Although economists and market forces don’t seem to have figured it out yet, water is the world’s most valuable resource.  It’s essential for life, yet only 1 percent of all water is fresh and possibly available for consumption; another 2 percent is fresh, but it’s frozen in glaciers and the polar ice caps.  The rest is salt water, and can only be made fresh by energy-intensive and very expensive desalination projects.

So what do you do when you don’t have enough water?  The answer depends on how wealthy and powerful you are.

If you’re poor and isolated – i.e. you’re among the largest segment of the Earth’s population – you must put the same water to multiple uses. You drink a little, then wash with it, then boil it for cooking, and then finally use whatever remains for your plants.

But apart from its limited supply, the main problem with water is that it’s not where it’s needed.  In North America, most of it is in the north, while the populations and agricultural regions consuming it are further south.  It’s an obvious problem that appears to have an obvious solution: bring the water south.  The fact most water is in Canada  is at worst a minor irritant. If you’re rich and powerful, you can take whatever you need from somewhere, someone, else.    

Suggestions for how water might be transferred include building an underwater pipeline from Alaska or Canada to California, towing icebergs and water-filled plastic bags from Alaska, using a fleet of converted oil tankers, and diverting northern rivers south through a series of canals and man-made lakes.

The benefit-cost analysis of such schemes says they’re not even worth thinking about.  Not yet, anyway.  But they’re already under serious discussion.

A 1700-mile 20-foot diameter plastic pipe from Alaska to California would need pumping stations on land every 150 miles, some of which would have to be in Canada.  For all that, California would get only 10 percent of the water it needs.  Other regions of the USA would get nothing.  Towing icebergs and or bags and using tankers would bring even less water and be even more vulnerable to terrorist attack.  

The only remotely viable solution seems to be the North American Water and Power Alliance plan, or NAWAPA, which was developed many years ago to tap into northern rivers “wasting” their water by dumping it into the ocean.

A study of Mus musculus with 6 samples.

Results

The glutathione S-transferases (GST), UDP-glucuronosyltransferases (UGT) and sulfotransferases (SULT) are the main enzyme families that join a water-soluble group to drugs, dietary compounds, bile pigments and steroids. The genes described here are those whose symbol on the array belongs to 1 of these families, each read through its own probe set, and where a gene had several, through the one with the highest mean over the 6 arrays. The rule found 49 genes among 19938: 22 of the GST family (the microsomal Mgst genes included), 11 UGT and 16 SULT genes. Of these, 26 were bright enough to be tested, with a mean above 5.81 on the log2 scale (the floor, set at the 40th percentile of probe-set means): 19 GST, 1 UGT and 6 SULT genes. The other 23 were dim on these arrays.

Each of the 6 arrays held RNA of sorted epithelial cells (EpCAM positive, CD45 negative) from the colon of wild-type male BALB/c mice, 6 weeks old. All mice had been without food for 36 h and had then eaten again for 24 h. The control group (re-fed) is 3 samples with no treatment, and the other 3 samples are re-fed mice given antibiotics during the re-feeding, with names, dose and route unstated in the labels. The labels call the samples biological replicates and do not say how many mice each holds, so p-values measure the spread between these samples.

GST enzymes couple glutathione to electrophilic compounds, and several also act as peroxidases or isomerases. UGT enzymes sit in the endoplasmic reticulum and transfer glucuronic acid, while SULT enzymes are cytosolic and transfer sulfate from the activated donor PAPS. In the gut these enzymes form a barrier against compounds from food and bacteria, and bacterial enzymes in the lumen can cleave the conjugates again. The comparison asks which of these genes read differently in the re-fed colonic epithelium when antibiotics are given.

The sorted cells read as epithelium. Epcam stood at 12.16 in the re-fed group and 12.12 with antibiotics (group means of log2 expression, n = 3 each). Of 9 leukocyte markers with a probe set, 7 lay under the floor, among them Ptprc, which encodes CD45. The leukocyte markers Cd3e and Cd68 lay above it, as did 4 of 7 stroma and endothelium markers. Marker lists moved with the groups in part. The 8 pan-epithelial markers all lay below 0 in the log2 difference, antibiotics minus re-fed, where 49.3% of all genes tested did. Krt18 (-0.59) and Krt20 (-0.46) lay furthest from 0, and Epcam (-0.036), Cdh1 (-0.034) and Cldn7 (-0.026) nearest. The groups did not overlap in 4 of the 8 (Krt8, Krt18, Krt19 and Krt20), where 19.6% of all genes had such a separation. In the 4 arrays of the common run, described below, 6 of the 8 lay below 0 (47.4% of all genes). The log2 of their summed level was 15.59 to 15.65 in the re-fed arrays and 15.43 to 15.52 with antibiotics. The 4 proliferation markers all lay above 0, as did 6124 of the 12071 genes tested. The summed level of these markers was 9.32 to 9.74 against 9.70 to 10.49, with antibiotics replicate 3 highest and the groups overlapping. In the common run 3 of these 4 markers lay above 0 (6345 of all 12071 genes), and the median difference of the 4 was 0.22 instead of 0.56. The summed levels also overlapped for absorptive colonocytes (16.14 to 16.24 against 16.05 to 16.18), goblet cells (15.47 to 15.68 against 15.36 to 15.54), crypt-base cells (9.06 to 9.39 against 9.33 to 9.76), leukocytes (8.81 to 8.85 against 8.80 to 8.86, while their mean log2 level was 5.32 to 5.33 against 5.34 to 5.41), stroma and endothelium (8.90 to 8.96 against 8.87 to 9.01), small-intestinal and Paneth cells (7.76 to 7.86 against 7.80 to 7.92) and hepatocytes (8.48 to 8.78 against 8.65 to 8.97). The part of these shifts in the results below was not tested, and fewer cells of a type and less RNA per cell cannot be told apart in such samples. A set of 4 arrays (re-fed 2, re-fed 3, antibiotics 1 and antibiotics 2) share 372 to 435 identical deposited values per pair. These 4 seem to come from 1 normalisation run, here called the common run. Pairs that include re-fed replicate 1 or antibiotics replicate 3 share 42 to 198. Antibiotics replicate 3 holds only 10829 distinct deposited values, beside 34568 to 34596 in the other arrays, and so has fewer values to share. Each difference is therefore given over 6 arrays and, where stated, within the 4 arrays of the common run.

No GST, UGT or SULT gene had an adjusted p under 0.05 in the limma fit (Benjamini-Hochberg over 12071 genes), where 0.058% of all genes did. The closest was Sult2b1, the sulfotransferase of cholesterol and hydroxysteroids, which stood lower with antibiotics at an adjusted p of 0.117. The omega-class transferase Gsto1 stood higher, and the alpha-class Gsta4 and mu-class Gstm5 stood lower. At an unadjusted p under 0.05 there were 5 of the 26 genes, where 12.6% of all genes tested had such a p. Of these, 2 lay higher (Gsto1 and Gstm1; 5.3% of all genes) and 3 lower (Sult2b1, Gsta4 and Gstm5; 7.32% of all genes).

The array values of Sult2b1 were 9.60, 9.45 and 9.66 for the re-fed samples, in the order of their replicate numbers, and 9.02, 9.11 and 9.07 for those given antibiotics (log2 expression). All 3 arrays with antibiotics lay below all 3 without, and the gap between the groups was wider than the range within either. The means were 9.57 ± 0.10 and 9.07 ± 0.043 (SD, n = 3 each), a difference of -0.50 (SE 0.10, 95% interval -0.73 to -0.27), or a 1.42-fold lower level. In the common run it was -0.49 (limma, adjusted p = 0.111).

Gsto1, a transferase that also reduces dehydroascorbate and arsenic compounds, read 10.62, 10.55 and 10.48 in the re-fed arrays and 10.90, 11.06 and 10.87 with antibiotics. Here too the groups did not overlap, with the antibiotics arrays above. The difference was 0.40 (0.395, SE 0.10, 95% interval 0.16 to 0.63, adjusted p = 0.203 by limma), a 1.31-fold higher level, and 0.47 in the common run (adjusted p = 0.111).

NAWAPA would turn around rivers in Alaska and British Columbia.  Nearly everyone in Alaska already gets an annual oil-royalty check;  NAWAPA could mean they’ll get an annual water-royalty check.

But what about Canada?  Canadians have an almost mystical relationship with “their” water, and they feel no compulsion to cooperate with the USA.  But this time they might have to go along with their southern neighbors; the US argues NAFTA covers anything which can through a pipeline. 

Besides, NAWAPA is of such a scale and importance what Canadians think won’t matter.     A 1.3 million square mile drainage area in Alaska, the Yukon, and B.C. would be connected to Hudson Bay, the Great Lakes, and the Mississippi by canals, tunnels, and existing rivers taking about 400 million acre-feet per year.  Moving this water downhill would also generate millions of kilowatts of electricity.

A canal from Lake Erie would run to the Ohio River and into Lake Michigan.  From there it would go to the Mississippi. An aqueduct would connect the Great Lakes to the Hudson and New York  Eventually water taken from the Great Lakes would be replaced by water from Hudson Bay and James Bay in Canada.

In the west, the Rocky Mountain Trench in Canada, between B.C. and Alberta, would be used for storage.  There’d be a thirty-foot deep canal from there to Lake Superior, allowing shipping to go from the Lakes to the Rocky Mountains.   With locks, ships could one day  reach Vancouver from the St. Lawrence…a man-made Northwest Passage.

Water from the Trench reservoir would go to Flathead Lake, Montana. From there it will go through the Great Basin to a new lake, Lake Nevada, and on to a new reservoir, Lake Vegas.

Then it would be piped across Death Valley and finally to Los Angeles.  Lake Vegas will be linked with Lake Mead and then the Colorado.   Water will go south from Lake Nevada to Arizona and New Mexico.

Water from the Columbia would be piped to Shasta, where existing infrastructure would take it south.

The consequences for a myriad ecosystems would be profound.  The consequences for a society premised on the conviction it can do whatever it wants and then manipulate nature to fit its needs would be catastrophic; when this water is used, there won’t be any more. NAWAPA would thus be another step, a giant step, closer to the final precipice.